For those that are not in the know, triathlons include three disciplines, swimming, cycling and running, performed back to back at one go. We often speak of the
three disciplines separately but there are some “super athletes” that take it one notch up and do all three at once.
The most well-known international triathlon races are the Ironman 70.3 and the full Ironman. The distances for the 70.3 events are 1.9km ocean swim, 90km
road cycle and 21km run. The distances for the full Ironman are 3.9km ocean swim, 180km road cycle and 42km run.
There are other triathlon events with shorter distances to cater for those that are either breaking into the sport, or those that simply don’t have the time to train for the standard 70.3 or full Ironman. There are also offroad triathlons where the swim takes place in a dam, the cycle is a mountain bike leg and the run is a trail run.
I took up the challenge of training for an Ironman 70.3 triathlon three years ago so that I could understand what goes into preparing for all three disciplines at once. Over the years I have become quite the keen runner and cyclist but never quite took to swimming. With that said, swimming became the discipline I needed to master
more than the other two.
Excluding professionals, it’s often rare to find an individual who masters all three. I have often come across athletes who say swimming is the easiest and running the hardest. In principle, I agree because, functionally, swimming is not weight-bearing, therefore it is more forgiving, whereas the impact of running is hard on the body.
My personal struggle was in the reverse with swimming being the discipline that I needed more work on. So I found myself a swimming coach. My training programme started off with shorter training distances. For example, I started off with swimming three times a week for an hour, cycling three times a week for 90 to 120 minutes and running three times a week, ranging between 10 and 15km and one full rest day.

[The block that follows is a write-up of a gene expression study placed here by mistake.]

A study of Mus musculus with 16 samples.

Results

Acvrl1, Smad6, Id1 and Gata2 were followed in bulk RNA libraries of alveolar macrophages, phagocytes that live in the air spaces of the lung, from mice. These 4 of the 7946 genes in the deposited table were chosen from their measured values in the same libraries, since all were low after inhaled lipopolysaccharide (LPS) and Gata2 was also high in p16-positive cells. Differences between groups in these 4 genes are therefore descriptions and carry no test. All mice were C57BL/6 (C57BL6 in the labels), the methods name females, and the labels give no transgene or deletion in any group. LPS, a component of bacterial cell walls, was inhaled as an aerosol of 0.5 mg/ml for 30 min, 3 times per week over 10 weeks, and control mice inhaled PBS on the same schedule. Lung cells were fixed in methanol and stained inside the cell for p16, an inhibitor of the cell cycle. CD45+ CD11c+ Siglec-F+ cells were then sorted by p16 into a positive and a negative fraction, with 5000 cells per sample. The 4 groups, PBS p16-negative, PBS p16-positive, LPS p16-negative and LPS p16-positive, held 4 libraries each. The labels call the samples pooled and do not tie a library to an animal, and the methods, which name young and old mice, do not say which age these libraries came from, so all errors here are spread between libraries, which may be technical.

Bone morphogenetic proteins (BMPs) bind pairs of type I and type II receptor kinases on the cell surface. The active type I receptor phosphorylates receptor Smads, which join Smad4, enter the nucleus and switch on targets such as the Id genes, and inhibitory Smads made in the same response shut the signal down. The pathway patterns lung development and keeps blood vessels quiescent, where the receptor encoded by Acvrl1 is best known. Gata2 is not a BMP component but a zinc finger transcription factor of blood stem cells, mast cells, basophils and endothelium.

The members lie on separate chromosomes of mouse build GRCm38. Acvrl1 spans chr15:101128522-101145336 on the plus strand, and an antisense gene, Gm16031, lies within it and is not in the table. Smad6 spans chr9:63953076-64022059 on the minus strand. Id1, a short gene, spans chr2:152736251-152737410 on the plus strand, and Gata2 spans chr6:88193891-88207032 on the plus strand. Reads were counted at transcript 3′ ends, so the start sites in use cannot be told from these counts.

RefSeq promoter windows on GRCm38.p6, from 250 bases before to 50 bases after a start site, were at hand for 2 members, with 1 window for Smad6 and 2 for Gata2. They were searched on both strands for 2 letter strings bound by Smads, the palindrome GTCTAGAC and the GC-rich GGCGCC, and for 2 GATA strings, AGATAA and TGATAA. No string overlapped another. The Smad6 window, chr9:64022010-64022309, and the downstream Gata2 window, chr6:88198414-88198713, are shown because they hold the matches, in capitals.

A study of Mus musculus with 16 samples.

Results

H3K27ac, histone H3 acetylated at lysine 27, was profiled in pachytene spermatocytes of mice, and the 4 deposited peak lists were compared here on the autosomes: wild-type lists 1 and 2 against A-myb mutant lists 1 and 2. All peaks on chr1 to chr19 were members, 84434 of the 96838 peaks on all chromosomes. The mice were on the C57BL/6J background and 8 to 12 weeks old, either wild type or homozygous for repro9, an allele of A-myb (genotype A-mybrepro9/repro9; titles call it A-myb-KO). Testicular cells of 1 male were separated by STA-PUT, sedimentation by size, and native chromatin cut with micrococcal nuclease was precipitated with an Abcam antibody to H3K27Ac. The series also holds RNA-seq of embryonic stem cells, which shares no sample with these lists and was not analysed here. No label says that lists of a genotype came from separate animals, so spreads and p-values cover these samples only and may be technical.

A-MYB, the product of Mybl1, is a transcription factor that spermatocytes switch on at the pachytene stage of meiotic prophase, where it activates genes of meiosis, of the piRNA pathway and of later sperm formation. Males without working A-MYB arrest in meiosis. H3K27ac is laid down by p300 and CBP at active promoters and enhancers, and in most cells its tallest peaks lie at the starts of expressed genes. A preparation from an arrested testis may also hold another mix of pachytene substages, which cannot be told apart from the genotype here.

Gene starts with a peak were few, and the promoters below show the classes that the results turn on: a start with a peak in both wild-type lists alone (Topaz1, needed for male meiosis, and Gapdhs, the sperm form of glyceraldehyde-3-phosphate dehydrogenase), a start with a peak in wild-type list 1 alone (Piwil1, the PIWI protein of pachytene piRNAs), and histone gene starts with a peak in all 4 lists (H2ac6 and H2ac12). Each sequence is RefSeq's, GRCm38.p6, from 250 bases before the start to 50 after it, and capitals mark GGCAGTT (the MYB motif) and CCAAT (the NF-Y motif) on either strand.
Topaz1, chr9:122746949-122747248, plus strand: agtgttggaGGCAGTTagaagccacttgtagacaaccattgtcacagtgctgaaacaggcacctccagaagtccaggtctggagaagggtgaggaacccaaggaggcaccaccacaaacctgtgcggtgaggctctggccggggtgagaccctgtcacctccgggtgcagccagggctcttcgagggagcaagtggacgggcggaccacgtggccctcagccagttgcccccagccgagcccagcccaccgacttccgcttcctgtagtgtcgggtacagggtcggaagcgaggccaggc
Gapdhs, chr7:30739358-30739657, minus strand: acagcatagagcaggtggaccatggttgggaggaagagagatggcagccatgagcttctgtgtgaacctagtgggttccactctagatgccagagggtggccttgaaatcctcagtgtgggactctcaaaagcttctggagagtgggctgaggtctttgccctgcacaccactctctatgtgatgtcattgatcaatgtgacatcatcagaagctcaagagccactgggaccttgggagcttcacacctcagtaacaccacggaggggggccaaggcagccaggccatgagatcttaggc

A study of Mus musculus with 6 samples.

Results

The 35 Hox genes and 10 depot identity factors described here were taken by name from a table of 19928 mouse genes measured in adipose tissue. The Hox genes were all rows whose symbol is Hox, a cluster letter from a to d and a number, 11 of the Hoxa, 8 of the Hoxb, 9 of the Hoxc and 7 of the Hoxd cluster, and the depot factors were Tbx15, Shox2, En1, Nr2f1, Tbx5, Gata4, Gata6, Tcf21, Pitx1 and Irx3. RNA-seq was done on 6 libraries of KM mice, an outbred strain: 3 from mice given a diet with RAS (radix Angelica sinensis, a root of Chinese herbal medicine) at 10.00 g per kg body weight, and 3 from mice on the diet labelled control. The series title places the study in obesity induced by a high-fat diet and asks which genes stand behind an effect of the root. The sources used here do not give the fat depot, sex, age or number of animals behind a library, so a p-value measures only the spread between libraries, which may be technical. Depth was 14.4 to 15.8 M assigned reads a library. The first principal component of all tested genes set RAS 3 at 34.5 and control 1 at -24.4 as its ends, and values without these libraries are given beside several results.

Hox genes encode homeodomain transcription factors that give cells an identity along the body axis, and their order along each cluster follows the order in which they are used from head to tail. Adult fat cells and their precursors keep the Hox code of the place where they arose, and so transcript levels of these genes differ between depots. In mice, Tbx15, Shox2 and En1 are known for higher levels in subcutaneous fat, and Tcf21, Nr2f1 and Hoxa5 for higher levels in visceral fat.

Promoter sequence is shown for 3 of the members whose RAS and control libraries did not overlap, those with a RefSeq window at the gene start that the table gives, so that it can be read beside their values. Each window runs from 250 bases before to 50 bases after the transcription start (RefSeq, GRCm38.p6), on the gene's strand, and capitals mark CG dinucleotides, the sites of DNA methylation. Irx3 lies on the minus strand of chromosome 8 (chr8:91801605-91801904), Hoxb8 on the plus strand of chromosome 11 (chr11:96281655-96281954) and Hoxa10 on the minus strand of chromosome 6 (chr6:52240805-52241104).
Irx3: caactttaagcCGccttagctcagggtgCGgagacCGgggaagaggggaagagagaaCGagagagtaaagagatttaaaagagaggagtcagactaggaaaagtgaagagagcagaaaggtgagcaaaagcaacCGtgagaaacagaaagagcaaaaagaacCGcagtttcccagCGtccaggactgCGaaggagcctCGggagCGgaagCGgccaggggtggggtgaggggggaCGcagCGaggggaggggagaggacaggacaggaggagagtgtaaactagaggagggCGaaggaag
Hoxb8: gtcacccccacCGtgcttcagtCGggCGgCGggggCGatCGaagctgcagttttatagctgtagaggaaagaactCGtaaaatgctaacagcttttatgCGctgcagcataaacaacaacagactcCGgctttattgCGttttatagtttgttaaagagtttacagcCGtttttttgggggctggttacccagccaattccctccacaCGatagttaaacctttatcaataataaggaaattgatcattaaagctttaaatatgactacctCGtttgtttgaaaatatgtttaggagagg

In a dream world that would mean I need 10 days in a week in order to achieve that but that’s not the case. On some days I did double sessions. A training session in the morning and another one that same day in the evening. I also had to add at least one session of strength training.
This amount of training can take its toll on one’s body so adequate sleep is necessary, so is proper nutrition, a good recovery routine and regular massage. Just as in other sports, preparation is key to success. Triathlon preparation is a bit more intense where the athlete must juggle all three disciplines and add in all the extras.
Planning or scheduling the training sessions in the diary is part of the success. I schedule my training sessions the same way I schedule work meetings in my diary. The biggest advantage that I experienced from training and preparing for the Durban 70.3 Ironman event in 2016 was that I had never experienced my body being as balanced, strong and conditioned.
The three disciplines all target different body parts, even though they do overlap and as such, the body becomes fully conditioned. Not once did I have to visit my physiotherapist or chiropractor because I did not sustain any injuries.
Taking part in triathlons requires an initial investment in the form of specific equipment that is required.
A tri-suit (one piece triathlon outfit), swimming cap, goggles, flippers and other accessories for training, a wetsuit for race day.
Bike, helmet, cleats (cycling shoes), sunglasses, heart race monitor.
Running shoes and a cap.
Most of these items are once off and if you buy good quality, they can last for a good two to three years.
Annually, SA has three Ironman races on the calendar. Two 70.3 events, in East London (January) and Durban (June) and a full Ironman event in Port Elizabeth (April). There are a host of other triathlon events and entries can be secured online.
Zulu is a qualified biokineticist and cofounder of PopUpGym.